Digging into Data Structures and Algorithms
Table of Contents
I’m a sophomore now and have data structures and algorithms courses this semester. I’ll try to explain to you what they mean. I want to stress that you need to learn them by heart to be a better programmer.
We work with data everywhere in computer science from processor to RAM and from the operating system to the cloud database. We manipulate and process them to yield the desired results, so it becomes a crucial task to handle data efficiently. Ever since the computing era has begun, human minds have shown eagerness to develop better and efficient techniques of working with data which is only because to reduce time consumption in yielding results and also to save storage space.
What do you mean by data? #
Data is any set of values. It can be the depth of the river Ganga or the marks in your mark sheet.
In computing, data is all about binary digits 0s and 1s (bits or binary digits are the smallest units of data). Computers are electronic machines and are constructed of billions of ON/OFF switches, known as transistors. 1 is the ON state of a transistor, and 0 is the OFF. A computer stores real-world data in the form of binary digits.
How can we organize data? #
Imagine an office workplace where files are scattered everywhere and another workplace where files are neatly placed one above the other. Now, if you were supposed to find a particular file then which workplace arrangement would make your task easier?
The latter one. Why? Because it is much easier to find a particular file from an organized stack of files. Here, intuitively you have used the concept of data structures. That’s the same concept behind the stack data structure.
What is a data structure? #
A data structure is a way of storing and organizing data to access and use data efficiently.
There are two types of data structures on the basis of the organization of the elements:
- Linear data structure - Elements are accessed in a sequential order but it is not compulsory to store all elements sequentially. It can only have one successor and one predecessor. Examples: arrays, linked lists, stacks and queues.
- Non-linear data structure - Elements of this data structure are stored/accessed in a non-linear order. It can have more than one successor and predecessor. Examples: trees and graphs.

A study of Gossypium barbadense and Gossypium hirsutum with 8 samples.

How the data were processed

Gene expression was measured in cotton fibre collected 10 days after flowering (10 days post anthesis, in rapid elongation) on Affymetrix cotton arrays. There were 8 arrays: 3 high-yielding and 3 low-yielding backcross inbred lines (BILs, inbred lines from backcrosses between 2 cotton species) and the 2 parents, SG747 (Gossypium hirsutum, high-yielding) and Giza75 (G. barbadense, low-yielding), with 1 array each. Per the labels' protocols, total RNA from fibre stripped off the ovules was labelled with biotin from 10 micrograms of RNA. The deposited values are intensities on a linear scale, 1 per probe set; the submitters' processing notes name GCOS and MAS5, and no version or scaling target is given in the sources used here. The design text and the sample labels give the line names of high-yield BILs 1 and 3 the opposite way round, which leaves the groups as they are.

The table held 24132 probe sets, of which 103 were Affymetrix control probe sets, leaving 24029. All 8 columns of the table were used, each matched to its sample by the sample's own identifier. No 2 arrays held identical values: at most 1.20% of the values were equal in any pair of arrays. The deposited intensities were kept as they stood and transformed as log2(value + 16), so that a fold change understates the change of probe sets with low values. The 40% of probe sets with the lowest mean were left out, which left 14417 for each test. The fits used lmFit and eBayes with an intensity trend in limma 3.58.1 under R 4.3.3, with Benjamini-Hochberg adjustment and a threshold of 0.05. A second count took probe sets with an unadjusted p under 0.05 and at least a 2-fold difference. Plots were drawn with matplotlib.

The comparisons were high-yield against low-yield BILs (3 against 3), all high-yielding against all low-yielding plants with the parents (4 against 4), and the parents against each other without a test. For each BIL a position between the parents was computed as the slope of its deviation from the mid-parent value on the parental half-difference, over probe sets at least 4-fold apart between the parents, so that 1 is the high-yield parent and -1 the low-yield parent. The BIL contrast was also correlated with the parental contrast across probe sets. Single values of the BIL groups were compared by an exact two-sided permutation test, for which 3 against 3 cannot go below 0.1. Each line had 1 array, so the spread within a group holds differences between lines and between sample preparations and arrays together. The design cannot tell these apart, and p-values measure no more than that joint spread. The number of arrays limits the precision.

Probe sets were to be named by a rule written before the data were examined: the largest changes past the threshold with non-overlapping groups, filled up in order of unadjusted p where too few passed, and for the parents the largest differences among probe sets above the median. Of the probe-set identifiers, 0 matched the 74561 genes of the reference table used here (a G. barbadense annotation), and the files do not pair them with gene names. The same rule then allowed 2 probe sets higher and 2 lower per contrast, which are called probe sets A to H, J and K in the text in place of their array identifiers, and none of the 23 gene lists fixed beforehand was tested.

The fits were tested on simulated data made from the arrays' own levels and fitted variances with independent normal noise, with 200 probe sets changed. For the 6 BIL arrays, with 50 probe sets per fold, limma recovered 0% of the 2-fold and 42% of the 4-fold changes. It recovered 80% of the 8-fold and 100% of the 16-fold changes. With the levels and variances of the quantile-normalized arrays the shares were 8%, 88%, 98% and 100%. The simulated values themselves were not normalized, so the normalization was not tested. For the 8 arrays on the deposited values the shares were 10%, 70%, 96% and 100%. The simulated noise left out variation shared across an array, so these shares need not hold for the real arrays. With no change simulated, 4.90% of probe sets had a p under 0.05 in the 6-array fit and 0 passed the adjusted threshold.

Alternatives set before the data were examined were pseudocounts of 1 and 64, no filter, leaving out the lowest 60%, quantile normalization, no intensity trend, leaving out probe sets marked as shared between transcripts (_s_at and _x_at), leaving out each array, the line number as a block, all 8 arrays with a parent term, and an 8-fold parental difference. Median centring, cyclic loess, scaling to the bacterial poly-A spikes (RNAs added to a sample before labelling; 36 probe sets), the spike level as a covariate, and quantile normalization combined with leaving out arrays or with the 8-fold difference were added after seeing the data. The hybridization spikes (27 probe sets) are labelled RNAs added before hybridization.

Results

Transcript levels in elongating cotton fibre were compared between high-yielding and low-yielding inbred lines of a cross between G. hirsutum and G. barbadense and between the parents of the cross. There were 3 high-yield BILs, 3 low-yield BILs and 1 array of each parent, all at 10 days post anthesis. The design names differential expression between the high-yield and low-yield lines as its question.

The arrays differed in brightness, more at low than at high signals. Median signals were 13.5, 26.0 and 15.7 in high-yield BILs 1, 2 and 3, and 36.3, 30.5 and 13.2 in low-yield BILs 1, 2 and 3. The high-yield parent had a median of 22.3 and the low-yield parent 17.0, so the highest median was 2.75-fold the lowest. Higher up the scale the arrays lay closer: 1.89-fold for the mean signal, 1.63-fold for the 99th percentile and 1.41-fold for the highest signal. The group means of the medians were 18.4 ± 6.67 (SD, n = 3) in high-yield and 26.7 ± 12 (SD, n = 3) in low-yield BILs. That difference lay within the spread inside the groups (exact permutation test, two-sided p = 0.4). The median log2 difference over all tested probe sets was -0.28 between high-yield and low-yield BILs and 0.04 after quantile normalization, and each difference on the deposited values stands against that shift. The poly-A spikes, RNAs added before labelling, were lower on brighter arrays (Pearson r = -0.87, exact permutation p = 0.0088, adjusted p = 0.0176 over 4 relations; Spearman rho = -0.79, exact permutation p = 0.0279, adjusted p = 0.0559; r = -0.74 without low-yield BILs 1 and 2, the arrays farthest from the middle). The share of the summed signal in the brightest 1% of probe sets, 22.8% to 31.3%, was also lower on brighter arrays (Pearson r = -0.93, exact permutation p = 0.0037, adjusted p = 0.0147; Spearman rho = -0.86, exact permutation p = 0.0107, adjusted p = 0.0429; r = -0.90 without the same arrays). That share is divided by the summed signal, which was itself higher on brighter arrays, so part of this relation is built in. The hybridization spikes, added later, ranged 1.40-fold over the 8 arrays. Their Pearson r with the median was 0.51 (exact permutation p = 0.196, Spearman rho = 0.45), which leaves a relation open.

What is an algorithm? #
Below are the instructions to turn ON a computer:-
- Switch ON the main power supply.
- Is there a UPS?
- If Yes, then turn it ON.
- If No, then go to step 3.
- Click the power button on the cabinet.
Algorithms are instructions backed by logic. We need to follow certain steps to achieve any task or solve any problem. So, an algorithm is a step-by-step procedure to solve a problem. Every algorithm works on a set of data supplied to it as input. Manipulates it with the concept of data structures and gives us the output.
Before there were computers, there were algorithms. But now that there are computers, there are even more algorithms, and algorithms lie at the heart of computing.
excerpt from book, Introduction to Algorithms, CLRS
How good an algorithm can be? #
The answer to it depends on the running time of an algorithm (time complexity) and space it would take up in the memory (space complexity). These two factors conclude the efficiency of an algorithm. The less is both the factors, the better is the algorithm. But there is always a trade-off between the two. Like trying to reduce the time complexity may increase the space complexity.
I tried to introduce you to the domain of data structures and algorithms. I hope this article piqued you. The internet is full of resources to learn more about them. I would recommend you to start with GeeksForGeeks and solve a few problems there.
In today’s world, our lives are being shaped by algorithms and they are behind everything.